Everything You Need to Know About Cooking Oils: Olive, Coconut and Avocado

cooking oils

Step into the cooking oil section of any supermarket and you are bound to be confused. There are hundreds of different options, so how do you know which oil to use and which oil is the healthiest for you and your family? Today, we’re going to break down three of the most popular “healthy” oils discussed in the healthy cooking atmosphere—olive oil, avocado oil, and coconut oil.

Is oil “healthy”?

Before we dig in though, let’s talk about whether any oils are healthy. The bottom line: All oils should be used sparingly in your diet. We all know by now that good fat in your diet is important, but make sure you don’t use that philosophy as an excuse to start using more oil in your kitchen. It’s always better to get your healthy fat from whole food sources—like nuts, seeds, or avocados—instead of adding more oil to your diet. Are there healthier oils out there? Yes, but you should still use them sparingly to add flavor where needed, and instead focus on getting your healthy fats elsewhere (guacamole, anyone?).

Alright, let’s demystify that oil section!

Olive Oil Explained

Chances are, at least half of the cooking oil aisle in your local supermarket is made up of olive oils. Olive oil has been around for thousands of years, but in modern culture, it became the darling of the cooking world after a series of studies were published in the late-1990s and early-2000s promoting the health benefits of a diet that uses olive oil.

Avocado Oil

  • What Does It Taste Like? The darker the color of the olive oil, the more pronounced the taste. It doesn’t usually taste like the olives you might get in a martini, but high-quality olive oil might have a slightly brine-y flavor. Lighter olive oils are usually almost entirely neutral in flavor.
  • What’s Good About It: Olive oil has long be lauded as a healthier cooking oil because of its antioxidant profile. Olive oil also is a good source of monounsaturated fats, which, if they replace saturated fats or trans fats in your diet, is a great choice. It’s also readily available and very affordable.
  • What’s Not So Good About It: The Omega-3 to Omega-6 fatty acid profile of olive oil sways to the unhealthy side of things. Olive oil also has a relatively low smoke point of around 350°F (depending on the grade of oil), meaning you’ll probably smoke up your kitchen if you try to use it in a screaming hot oven or to sear food.
  • Recommended Use: The flavor of good extra virgin olive oil is excellent in uncooked applications like salad dressings.

Avocado Oil 101

Just a year ago, you’d have to hit up a health food store to find avocado oil, but now, you can grab it at most supermarkets and wholesale club stores. Avocado oil is a great option for all kinds of cooking and baking because of its mild flavor (just like avocado itself).


  • What Does It Taste Like? Pretty much nothing! It’s a very mild-flavored cooking oil.
  • What’s Good About It: Since it is so mild and has a very high smoke point of 500°, it’s a great option for almost everywhere in the kitchen—try it in your baked goods or pizza crusts! Like olive oil, if you are going to replace not-so-healthy fats like trans fats, avocado oil is a good option because it’s rich in monounsaturated fats.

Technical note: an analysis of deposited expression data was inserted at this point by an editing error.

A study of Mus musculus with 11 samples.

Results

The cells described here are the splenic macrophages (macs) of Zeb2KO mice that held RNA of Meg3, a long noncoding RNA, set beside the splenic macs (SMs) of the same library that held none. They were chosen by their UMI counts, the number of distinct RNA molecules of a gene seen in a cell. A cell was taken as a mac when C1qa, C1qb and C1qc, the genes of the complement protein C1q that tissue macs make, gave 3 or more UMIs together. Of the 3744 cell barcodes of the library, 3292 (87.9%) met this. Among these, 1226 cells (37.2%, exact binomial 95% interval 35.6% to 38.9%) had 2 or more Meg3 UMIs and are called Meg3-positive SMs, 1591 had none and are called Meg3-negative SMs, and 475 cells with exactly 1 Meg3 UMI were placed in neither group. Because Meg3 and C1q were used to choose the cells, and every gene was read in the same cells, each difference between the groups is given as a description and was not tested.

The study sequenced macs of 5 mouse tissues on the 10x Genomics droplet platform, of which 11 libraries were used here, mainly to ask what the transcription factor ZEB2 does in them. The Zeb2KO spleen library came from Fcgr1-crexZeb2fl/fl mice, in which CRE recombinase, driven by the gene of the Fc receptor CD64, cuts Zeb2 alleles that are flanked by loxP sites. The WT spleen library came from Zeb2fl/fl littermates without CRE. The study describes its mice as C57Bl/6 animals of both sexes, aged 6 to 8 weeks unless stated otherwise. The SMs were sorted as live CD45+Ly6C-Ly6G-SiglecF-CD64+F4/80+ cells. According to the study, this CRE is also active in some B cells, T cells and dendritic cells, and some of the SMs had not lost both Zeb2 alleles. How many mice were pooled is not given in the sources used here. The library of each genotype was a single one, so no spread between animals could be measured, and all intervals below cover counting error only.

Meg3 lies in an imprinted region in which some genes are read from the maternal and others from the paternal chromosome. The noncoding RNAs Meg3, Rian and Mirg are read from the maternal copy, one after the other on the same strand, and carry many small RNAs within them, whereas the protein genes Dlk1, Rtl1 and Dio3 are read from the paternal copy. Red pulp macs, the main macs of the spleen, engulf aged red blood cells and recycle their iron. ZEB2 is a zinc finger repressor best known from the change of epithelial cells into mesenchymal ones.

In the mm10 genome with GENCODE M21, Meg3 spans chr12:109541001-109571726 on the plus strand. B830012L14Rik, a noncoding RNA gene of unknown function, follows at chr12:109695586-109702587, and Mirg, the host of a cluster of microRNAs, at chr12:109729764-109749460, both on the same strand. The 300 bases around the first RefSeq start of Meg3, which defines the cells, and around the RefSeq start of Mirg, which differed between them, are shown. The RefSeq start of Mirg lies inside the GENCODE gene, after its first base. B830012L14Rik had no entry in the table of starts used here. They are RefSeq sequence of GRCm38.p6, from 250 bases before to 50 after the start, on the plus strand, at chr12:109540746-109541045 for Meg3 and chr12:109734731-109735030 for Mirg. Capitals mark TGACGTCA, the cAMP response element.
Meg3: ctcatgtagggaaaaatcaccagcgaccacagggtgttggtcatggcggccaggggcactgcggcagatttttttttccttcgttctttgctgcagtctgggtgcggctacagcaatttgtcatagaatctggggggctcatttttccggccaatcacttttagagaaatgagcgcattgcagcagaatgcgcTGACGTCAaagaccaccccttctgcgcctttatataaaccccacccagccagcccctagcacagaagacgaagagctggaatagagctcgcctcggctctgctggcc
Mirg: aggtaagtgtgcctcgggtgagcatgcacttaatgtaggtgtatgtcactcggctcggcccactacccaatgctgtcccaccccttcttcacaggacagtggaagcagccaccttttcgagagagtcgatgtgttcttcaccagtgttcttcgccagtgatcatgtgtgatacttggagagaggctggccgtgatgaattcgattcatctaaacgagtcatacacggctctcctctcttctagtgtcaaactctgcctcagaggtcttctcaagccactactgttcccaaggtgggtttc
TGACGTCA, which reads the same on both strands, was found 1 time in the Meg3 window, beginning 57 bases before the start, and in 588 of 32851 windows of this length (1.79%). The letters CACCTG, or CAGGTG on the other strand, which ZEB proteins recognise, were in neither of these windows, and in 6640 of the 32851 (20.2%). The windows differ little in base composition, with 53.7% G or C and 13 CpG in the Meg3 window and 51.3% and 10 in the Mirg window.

• What’s Not So Good About It: Just like with olive oil, avocado oil suffers an Omega-3 to Omega-6 imbalance, so you’re better off getting your healthy fats from more whole food sources.
  • Recommended Use: It’s great any time you need a cooking oil—including baked goods, sautéing, and eggs. Skip it for salad dressings or other uncooked applications, because it won’t add much taste.

The Coconut Oil Craze

You can’t spend 10 seconds on the internet without someone talking about their love of coconut oil! The coconut oil fan club goes way beyond the kitchen; folks use it as a moisturizer, a hair treatment, and even to clean their teeth (talk to your dentist before you do any major changes to your dental care). We’re going to focus on the cooking aspects of coconut oil here.

Coconut Oil

  • What Does It Taste Like? Coconut. There’s no getting around it, coconut oil is very, well, coconutty! If you love coconut, you’re in for a treat. If you don’t like coconut, you might want to look elsewhere.
  • What’s Good About It: If you like coconut, it adds a wonderful coconut flavor to dishes! From a health standpoint, the benefits of coconut oil are fraught with controversy. Load one article, and it’ll tell you to eat coconut oil by the spoonful. Load the next, and it’ll tell you to never eat coconut oil again. We need more research to prove who is correct! Proponents of coconut oil say that it can help reduce your risk of Alzheimer’s Disease, reduce your risk of heart disease, and help balance your hormones. Studies have proven that coconut oil can help boost HDL (“good”) cholesterol, but more research is needed to determine if that boost is beneficial long-term.
  • What’s Not So Good About It: Many healthcare professionals point to the high saturated fat content (about 90%, compared to 63% for butter) as a reason to stay away from coconut oil in large amounts. Lovers of coconut oil say that it is a different kind of saturated fat that is actually beneficial for your body—and that the vast array of other benefits outweigh any negatives. Again, there haven’t been definitive studies to prove either way.
  • Recommended Use: Coconut oil is solid at room temperature, but easily melts at 76°F. Coconut oil can be used in place of almost any other fat or oil in baking or cooking. If you aren’t a big fan of coconut flavor (or it wouldn’t be appropriate for the dish), skip coconut oil or half it with another more mild-flavored oil.